Empowering Peace

With increasing evidence of factional clashes and an overt turf war spreading from the rural hinterlands to populated urban areas of Kohima and Dimapur, the much hyped and talked about Ceasefire Ground Rules that the Government of India has signed with the two NSCNs has today become a mockery with zero visibility of authority to monitor and implement it. There could be a hundred and one excuses, some of them reasonable, but the fact remains that no one seems to be in control of the situation, not the State government or security forces and definitely not the Ceasefire Monitoring Group/Supervisory Board. To add to this, the complete silence on the part of the Government of India has now put serious doubts in the minds of people on whether there is an altogether sinister design to derail the peace and reconciliation process being addressed on various fronts. 

Given the all round insincerity of the present establishment, it is therefore advisable for the general public to claim control of the present situation instead of hopelessly waiting for the law to protect them. The recent instance of how the public in Zunheboto were able to mobilize under the platform of the Peace Monitoring Cell Zunheboto (PMCZ) and persuade both NSCN factions to move out of Zunheboto Town is extremely encouraging and needs to be applauded. Displaying a keen sense of ingenuity the PMCZ ensured that those from the district administration, police and other security forces were kept in the dark about the meeting. The Sumi Hoho, Women Organization, Zunheboto Town Council and Churches worked round the clock to restore normalcy in the town after the tense situation that occurred from May 24. Managing to bring the two groups for talks over one table is truly a remarkable achievement given that the much hyped initiatives like the consultative committee for peace have almost a zero percent success ratio.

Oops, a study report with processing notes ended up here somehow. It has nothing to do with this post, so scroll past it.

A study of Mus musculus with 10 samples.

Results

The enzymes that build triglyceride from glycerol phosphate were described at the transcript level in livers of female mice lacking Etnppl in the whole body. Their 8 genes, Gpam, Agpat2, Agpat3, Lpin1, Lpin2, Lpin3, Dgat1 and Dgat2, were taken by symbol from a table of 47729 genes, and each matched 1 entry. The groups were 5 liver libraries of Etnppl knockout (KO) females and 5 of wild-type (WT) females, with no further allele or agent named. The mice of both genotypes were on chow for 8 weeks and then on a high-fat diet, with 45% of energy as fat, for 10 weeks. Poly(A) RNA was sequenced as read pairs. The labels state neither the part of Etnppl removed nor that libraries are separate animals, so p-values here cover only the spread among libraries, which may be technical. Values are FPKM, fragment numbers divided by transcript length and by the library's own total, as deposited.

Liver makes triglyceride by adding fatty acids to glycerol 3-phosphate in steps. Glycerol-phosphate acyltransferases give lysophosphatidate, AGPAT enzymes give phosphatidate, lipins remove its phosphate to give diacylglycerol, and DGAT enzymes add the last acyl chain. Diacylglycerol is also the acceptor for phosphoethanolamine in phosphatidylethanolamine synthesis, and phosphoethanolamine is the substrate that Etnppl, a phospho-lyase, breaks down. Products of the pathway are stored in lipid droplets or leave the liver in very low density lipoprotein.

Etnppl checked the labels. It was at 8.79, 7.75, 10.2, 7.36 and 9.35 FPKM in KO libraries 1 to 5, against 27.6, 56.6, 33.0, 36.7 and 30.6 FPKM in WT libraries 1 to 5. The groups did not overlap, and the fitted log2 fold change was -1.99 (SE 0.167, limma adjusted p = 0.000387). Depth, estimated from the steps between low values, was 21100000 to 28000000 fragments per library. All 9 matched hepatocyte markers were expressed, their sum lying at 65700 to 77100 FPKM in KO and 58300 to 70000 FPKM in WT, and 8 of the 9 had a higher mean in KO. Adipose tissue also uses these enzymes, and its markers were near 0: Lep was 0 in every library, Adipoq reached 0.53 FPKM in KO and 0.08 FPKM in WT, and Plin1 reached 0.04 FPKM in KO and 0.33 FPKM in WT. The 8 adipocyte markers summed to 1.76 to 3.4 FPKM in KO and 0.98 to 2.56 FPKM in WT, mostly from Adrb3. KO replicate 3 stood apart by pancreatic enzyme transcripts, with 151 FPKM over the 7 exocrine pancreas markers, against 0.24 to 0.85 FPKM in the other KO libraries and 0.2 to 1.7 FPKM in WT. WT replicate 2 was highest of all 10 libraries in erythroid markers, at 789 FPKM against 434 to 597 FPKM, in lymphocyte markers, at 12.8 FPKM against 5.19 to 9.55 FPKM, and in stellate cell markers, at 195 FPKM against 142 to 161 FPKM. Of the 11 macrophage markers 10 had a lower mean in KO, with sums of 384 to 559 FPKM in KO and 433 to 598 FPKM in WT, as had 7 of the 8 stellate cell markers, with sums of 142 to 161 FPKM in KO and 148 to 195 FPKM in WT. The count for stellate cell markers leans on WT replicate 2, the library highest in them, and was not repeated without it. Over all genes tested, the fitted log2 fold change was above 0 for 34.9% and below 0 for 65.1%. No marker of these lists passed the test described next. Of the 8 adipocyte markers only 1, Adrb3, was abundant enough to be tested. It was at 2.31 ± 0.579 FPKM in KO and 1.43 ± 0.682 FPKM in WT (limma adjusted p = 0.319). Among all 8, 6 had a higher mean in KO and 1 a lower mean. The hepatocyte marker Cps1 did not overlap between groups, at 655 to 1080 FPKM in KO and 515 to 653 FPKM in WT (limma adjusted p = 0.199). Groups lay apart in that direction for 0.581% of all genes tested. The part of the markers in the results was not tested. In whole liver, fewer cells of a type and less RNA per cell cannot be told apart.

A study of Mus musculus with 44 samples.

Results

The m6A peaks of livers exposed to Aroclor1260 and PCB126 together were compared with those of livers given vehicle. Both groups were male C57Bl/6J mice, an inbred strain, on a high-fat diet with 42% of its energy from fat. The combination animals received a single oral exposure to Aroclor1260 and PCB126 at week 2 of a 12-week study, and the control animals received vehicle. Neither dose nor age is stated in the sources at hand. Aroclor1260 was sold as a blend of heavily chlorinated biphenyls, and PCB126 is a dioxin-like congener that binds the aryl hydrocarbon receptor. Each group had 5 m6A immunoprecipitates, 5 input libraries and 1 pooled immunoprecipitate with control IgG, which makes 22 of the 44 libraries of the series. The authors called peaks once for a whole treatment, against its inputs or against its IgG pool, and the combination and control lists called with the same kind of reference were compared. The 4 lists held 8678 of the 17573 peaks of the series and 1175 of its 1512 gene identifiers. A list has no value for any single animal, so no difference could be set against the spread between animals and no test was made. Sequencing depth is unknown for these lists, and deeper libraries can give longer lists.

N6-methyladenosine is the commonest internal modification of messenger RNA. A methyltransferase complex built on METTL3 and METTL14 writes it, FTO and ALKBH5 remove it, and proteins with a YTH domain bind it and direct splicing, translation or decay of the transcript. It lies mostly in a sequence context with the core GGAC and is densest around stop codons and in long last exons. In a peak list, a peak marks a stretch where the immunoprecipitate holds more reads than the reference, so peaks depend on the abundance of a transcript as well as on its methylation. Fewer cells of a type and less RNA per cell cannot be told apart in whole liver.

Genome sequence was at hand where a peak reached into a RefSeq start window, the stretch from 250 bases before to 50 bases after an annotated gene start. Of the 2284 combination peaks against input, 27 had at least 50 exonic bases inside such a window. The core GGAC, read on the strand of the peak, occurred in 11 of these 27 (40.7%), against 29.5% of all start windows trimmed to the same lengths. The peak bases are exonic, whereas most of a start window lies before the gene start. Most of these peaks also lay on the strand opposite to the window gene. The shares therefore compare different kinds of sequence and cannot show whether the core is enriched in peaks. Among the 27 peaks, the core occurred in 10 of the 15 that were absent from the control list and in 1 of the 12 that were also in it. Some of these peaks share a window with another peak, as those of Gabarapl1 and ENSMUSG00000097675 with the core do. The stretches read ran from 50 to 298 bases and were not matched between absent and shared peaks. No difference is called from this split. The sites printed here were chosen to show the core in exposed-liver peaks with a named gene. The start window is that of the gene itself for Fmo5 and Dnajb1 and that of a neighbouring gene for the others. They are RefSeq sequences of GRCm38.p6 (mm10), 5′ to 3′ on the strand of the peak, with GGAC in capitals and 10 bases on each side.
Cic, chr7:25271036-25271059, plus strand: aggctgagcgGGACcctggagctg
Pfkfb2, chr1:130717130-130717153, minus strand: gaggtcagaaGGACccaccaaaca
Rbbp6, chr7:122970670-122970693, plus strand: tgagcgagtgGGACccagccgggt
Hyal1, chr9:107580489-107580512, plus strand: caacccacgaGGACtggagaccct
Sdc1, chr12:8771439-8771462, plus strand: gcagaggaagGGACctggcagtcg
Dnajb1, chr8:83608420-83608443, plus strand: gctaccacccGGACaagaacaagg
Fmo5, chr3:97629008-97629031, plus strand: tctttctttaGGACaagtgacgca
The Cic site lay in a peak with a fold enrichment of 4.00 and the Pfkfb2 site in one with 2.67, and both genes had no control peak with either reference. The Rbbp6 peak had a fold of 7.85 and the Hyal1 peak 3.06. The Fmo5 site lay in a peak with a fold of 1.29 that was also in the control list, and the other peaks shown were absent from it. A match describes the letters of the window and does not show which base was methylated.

The other issue that needs to be brought out into public discourse is on whether the Government of India’s representatives at the CFMG/CFSB led by the Chairman should be allowed to continue in the chair when it is clearly evident that the present mechanism to monitor the ceasefire has become virtually defunct. The rag tag team headed by Lt.-General (Retd) Ramesh Kulkarni, exists but it lacks the teeth or backing by the Government of India to be truly effective. While the helplessness of Kulkarni is quite understandable, it also goes without saying that time is running out and the Chairman and his team should take a leaf or two from the PMCZ by putting ingenuity into the monitoring process and demonstrate sincerity to maintain peace at all cost. If not, as suggested by the Zunheboto public, the respective peace cell or board should be dissolved in the event of failure to deliver the task assigned to it.

Likewise having thus far failed to deliver anything substantive, the government and the civil society groups led by the Naga Hoho should now encourage and support the PMCZ type of micro level initiative centered on local people’s resources, skills, knowledge and their understanding of the situation rather than allowing the process to be stalled in bureaucratic red tape, power struggle and rigid political ideologies. Traditional peacemaking skills has to be fully explored in the context of the Naga reconciliation process. Peace Corps such as the PMCZ involving tribal hohos and grass root organizations must be supported to work in situations of conflict in their respective zones. If every tribal hoho can work on an individual case basis under the supervision of the Naga Hoho that way each community can contribute to the maintenance of several zone of peace and tranquility. After all at the end of the day even the armed cadres of the various groups may not want to risk public support. In the final analysis sovereign power ultimately rests with the people and not in any leader, group or parties. If nothing, at least this principle has to be respected.